Matteo Richiardi - The Effects of Digital Transformation on Employment, Wages, Poverty and Inequality: A Microsimulation Study

  • Presenting author: Matteo Richiardi (Centre for Microsimulation and Policy Analysis, University of Essex)

  • Authors: Matteo Richiardi, Clare Fenwick, Leonie Westhoff

  • Session: C01A - Dynamic / Long term [2] - Wednesday 9:00-10:30 - Ceremonial Hall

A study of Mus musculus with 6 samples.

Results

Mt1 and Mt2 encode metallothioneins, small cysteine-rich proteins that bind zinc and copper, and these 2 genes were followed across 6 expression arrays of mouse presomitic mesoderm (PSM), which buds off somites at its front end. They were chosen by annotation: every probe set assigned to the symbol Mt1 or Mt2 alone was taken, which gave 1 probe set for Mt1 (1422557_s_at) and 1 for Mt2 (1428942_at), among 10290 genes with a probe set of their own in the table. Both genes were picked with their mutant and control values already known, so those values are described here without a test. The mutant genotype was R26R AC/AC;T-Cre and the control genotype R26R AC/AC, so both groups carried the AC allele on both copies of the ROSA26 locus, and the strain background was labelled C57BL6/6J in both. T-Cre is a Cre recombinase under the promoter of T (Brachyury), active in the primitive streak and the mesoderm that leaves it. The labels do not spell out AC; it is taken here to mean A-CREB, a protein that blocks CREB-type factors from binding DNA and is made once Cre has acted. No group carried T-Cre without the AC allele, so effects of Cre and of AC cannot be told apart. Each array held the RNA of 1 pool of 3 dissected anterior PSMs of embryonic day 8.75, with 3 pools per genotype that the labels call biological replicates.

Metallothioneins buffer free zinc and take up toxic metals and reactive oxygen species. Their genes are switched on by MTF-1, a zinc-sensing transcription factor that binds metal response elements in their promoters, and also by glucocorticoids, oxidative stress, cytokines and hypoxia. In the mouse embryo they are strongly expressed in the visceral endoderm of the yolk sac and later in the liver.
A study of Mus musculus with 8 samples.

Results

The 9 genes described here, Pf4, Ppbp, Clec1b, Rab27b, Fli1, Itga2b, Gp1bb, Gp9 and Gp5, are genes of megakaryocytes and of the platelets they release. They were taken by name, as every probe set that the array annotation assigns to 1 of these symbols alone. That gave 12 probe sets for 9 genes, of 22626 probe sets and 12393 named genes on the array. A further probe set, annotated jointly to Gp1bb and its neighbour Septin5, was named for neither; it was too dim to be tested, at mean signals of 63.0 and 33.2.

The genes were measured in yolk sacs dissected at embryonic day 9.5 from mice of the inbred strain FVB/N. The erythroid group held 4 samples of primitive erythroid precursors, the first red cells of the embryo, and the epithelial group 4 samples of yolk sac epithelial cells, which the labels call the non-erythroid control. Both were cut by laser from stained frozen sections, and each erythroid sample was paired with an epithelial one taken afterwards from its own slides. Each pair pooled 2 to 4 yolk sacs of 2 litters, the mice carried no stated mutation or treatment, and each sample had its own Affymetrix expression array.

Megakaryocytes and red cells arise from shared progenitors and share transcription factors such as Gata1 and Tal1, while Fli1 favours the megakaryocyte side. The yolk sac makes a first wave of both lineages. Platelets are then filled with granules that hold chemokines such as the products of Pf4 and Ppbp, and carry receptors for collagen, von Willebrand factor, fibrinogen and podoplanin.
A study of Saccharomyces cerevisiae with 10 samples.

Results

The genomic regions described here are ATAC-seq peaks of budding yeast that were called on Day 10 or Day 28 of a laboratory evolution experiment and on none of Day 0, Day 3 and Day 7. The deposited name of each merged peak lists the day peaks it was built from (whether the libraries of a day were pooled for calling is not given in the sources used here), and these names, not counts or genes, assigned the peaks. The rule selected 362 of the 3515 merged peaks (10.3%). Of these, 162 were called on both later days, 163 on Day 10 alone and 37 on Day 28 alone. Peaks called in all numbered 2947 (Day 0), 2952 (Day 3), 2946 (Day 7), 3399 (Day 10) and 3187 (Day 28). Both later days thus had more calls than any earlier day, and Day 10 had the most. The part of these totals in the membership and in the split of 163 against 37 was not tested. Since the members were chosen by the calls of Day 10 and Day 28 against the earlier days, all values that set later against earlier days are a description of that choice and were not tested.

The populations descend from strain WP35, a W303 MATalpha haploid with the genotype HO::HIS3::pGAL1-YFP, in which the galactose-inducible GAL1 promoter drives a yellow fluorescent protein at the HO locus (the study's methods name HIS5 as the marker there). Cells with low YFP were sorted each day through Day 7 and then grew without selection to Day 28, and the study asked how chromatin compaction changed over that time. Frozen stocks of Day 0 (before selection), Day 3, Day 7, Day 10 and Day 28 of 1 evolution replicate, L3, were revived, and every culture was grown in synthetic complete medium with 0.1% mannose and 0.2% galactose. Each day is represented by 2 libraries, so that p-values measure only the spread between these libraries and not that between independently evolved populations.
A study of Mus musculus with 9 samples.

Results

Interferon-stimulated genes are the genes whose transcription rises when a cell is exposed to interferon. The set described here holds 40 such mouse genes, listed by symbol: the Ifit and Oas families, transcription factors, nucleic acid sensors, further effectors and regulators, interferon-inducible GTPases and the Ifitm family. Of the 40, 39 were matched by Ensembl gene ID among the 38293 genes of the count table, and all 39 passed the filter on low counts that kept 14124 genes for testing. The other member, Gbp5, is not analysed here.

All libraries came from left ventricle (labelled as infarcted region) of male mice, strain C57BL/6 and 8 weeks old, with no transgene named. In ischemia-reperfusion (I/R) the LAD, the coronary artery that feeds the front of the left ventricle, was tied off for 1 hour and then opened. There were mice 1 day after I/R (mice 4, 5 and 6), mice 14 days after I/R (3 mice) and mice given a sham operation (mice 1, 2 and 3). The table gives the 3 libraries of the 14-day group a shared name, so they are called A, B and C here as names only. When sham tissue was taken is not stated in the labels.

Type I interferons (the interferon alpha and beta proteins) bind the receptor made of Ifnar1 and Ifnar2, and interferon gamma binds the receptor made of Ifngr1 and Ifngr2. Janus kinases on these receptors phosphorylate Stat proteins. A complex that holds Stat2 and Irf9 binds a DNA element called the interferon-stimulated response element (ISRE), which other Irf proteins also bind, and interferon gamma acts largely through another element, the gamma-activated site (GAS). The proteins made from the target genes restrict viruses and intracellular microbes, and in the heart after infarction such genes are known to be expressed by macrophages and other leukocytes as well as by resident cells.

Since the Industrial Revolution the public, politicians and researchers have been concerned by the possible job displacement effects and subsequently the resulting socio-economic changes that new technologies may bring. In this article we study the effects of digital transformation on employment outcomes, wage growth, poverty and income inequality in the EU between 2010 and 2019 to try to better understand how individuals and societies have been affected by digital transformation over the last decade. To measure digital transformation we construct three novel indexes: (1) digital skills endowment, (2) digital capital intensity, and (3) robot density using the Community Survey on ICT usage (ICT Survey), the EUKLEMS & INTANProd database, and robotics data from the International Federation of Robotics (IFR). We then impute these indexes to EU-SILC micro-data. In order to overcome the 4-year structure of the longitudinal panel, we perform a concatenated analysis and simulate labour market outcomes over the 10-year horizon based on the econometric results for shorter periods. Alongside this, we perform a counterfactual analysis to simulate outcomes if the digital transformation were halted for the 10 year period. Comparing baseline and counterfactual results allows us to quantify the overall impact of the transformation. Our results show that individual digital skills endowment are important for finding a job, but less so for retaining it and that this effect is reduced for individuals with higher education. Moreover, digital skills have a positive impact on gross earnings growth for those not in employment in 2010, although there is a negative effect for those with low education and starting off in employment in 2010 suggesting that this group suffers the most from digital transformation. The effects of digital capital intensity and robot density on employment and wages are limited. For inequality and poverty, the differences between the baseline scenario (digital transformation takes place) versus the counterfactual scenario (digital transformation is halted) is close to zero, meaning that according to our estimates no discernable effect on inequality and poverty can be detected.